Don’t take a six-week break from learning, education expert warns (July 2015)

Don’t take a six-week break from learning, education expert warns (July 2015)

An education expert has called on families across Britain to keep their children’s minds active during the long summer holidays. Studies, and anecdotal evidence from teachers, have shown that children academically regress following the six-week break. Now teacher, government advisor and education author, Dr Stephen Curran, said quick and fun learning activities can stop children falling behind.

Any teacher will tell you that when they welcome children back to the classroom in September most of their pupils’ academic ability has fallen back by about two to three months,” Dr Curran said.

This is particularly noticeable in primary school aged children and in their reading and maths.

I’m not advocating that children should study throughout their holidays or even do lots of homework but simple, fun brain activities will make their return to school so much easier.

The brain is like any organ – it needs regular exercise to keep it at its functioning best.”

Dr Curran, who is the author of a series of workbooks aimed at primary school aged children, has developed a series of books designed to stimulate children’s brains through visual activities.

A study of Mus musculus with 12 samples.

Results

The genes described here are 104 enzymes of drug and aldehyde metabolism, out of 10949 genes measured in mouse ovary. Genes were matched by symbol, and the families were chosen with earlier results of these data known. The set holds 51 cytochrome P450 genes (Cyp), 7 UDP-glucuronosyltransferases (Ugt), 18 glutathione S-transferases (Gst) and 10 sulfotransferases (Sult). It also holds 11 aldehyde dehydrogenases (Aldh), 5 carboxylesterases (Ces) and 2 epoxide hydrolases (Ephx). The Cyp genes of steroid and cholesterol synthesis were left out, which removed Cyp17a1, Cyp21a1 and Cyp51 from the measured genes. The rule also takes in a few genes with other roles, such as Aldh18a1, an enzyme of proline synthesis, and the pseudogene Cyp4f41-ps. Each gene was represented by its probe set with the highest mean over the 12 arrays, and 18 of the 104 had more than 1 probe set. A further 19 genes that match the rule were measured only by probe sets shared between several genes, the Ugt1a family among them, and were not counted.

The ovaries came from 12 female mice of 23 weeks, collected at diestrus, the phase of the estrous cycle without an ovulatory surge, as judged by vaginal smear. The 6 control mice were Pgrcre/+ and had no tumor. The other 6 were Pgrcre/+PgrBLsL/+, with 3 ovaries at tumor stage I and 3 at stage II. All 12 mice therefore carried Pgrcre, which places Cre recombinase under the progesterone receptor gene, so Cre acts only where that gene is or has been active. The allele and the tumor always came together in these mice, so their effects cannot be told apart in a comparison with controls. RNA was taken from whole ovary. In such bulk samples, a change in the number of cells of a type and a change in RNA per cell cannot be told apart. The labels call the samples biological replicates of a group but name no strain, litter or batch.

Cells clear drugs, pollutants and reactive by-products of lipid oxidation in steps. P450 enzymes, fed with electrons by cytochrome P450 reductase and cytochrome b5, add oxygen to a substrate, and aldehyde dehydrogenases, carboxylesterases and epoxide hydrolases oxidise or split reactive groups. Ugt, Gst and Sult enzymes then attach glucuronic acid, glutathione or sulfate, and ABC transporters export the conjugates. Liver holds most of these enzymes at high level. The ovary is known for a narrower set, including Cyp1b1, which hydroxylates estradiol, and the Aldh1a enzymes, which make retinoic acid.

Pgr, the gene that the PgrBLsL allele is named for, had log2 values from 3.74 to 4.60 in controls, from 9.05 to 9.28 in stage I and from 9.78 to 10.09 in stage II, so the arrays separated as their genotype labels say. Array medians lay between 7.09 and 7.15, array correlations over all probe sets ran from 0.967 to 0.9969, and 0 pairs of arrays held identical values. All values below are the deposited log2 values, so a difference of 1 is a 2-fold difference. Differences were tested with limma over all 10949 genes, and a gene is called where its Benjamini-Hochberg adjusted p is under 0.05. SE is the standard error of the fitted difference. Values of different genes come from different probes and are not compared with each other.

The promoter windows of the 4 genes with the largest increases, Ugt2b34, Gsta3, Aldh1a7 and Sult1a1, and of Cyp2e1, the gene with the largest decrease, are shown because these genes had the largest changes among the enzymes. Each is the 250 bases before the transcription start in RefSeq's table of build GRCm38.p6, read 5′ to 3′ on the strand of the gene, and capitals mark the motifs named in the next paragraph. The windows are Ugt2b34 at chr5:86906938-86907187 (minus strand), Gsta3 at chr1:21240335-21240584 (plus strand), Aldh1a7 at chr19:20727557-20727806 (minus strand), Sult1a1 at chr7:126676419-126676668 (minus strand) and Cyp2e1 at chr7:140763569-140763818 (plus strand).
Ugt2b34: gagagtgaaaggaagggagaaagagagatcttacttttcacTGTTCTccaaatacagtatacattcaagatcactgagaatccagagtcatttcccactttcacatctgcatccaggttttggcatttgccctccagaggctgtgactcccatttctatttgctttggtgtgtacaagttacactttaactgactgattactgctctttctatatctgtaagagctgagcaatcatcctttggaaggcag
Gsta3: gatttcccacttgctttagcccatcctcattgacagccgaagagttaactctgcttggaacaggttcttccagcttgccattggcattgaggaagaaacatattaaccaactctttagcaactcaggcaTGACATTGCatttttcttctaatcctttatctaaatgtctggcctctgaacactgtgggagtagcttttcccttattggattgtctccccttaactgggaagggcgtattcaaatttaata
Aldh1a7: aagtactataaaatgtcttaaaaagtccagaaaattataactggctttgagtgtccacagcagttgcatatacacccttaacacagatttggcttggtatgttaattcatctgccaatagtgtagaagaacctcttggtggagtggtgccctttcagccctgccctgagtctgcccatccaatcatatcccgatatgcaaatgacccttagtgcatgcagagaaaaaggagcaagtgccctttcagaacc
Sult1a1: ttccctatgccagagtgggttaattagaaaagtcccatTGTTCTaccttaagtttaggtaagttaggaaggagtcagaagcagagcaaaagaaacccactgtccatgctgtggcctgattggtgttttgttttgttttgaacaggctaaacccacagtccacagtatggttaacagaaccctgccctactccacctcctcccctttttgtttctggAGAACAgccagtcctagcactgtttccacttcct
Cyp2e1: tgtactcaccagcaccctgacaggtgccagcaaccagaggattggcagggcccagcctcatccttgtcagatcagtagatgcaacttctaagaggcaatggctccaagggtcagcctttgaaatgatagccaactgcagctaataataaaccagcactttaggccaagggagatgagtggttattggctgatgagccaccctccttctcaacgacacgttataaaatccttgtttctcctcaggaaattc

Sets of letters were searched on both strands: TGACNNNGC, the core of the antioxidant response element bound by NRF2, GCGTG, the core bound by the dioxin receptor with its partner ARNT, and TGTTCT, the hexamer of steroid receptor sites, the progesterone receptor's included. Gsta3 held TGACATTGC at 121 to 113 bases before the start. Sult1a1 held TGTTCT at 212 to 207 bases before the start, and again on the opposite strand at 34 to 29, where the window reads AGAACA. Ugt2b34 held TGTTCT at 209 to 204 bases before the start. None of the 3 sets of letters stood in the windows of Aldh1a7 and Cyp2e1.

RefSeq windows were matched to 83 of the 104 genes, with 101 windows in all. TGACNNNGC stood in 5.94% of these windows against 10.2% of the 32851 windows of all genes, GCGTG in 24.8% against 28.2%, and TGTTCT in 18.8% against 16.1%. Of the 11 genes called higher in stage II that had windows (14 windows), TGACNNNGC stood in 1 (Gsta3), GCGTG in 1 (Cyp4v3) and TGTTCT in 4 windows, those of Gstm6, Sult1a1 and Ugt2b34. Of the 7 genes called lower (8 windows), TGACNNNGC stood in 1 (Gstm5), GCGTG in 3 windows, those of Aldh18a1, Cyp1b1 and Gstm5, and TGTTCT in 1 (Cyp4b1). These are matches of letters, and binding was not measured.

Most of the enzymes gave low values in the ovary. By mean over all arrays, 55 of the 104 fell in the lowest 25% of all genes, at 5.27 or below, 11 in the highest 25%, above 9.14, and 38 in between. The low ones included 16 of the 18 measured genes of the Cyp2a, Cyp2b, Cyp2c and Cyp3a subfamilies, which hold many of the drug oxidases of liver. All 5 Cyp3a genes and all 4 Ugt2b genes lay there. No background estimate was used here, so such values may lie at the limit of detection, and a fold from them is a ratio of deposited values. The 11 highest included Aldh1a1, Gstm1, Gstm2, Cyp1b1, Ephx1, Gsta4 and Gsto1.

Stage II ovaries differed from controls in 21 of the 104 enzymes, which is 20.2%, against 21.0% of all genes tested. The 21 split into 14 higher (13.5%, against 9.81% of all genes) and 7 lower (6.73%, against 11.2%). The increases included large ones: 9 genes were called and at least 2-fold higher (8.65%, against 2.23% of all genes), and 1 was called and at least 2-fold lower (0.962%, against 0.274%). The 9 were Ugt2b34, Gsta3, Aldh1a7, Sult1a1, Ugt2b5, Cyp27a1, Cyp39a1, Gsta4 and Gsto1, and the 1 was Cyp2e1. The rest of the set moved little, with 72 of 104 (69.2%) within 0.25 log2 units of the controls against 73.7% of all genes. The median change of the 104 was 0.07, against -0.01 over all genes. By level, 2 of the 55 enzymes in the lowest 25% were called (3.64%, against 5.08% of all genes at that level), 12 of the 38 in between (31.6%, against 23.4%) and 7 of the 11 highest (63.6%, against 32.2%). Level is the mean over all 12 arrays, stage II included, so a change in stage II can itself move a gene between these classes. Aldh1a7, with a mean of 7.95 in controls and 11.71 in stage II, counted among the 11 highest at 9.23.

Called Non-verbal Reasoning, the books were primarily written to help children who plan to sit the 11 plus entrance exams for grammar schools.

But such visual activities can have a knock-on benefit for children from poorer backgrounds and whose first language is not English as images are used to solve problems.

There are lots of ways we can keep children’s minds active and continually learning without destroying the fun element of holidays,” Dr Curran added.

On rainy days, card games which have visual clues can help children to solve problems and stimulate that part of the brain.

Or on sunny days why not set your children a ‘treasure’ hunt while on trips to the beach or park?

Such activities don’t have to cost a lot of money or take up too much time. Regular, but short doses of activity which involve some element of problem solving, will keep the brain in tip-top condition.”

Dr Curran, who was on the government panel advising on the new maths National Curriculum, also recommends children read during the holidays and said public libraries often hold fun – and free – challenges throughout the six-week break.

He said bringing maths into everyday activities for very young children will also help them start school again with a flourish.

It doesn’t take much to keep children’s brains up to speed. When buying an ice cream give your child the money to buy it and ask them to tell you how much change they have.

Or when they have friends over to play, get them to share out and divide the toys up between them.

Small things like these will help your child start school in September just as strong as when they left in July – while still thinking they’ve had a wonderful holiday.”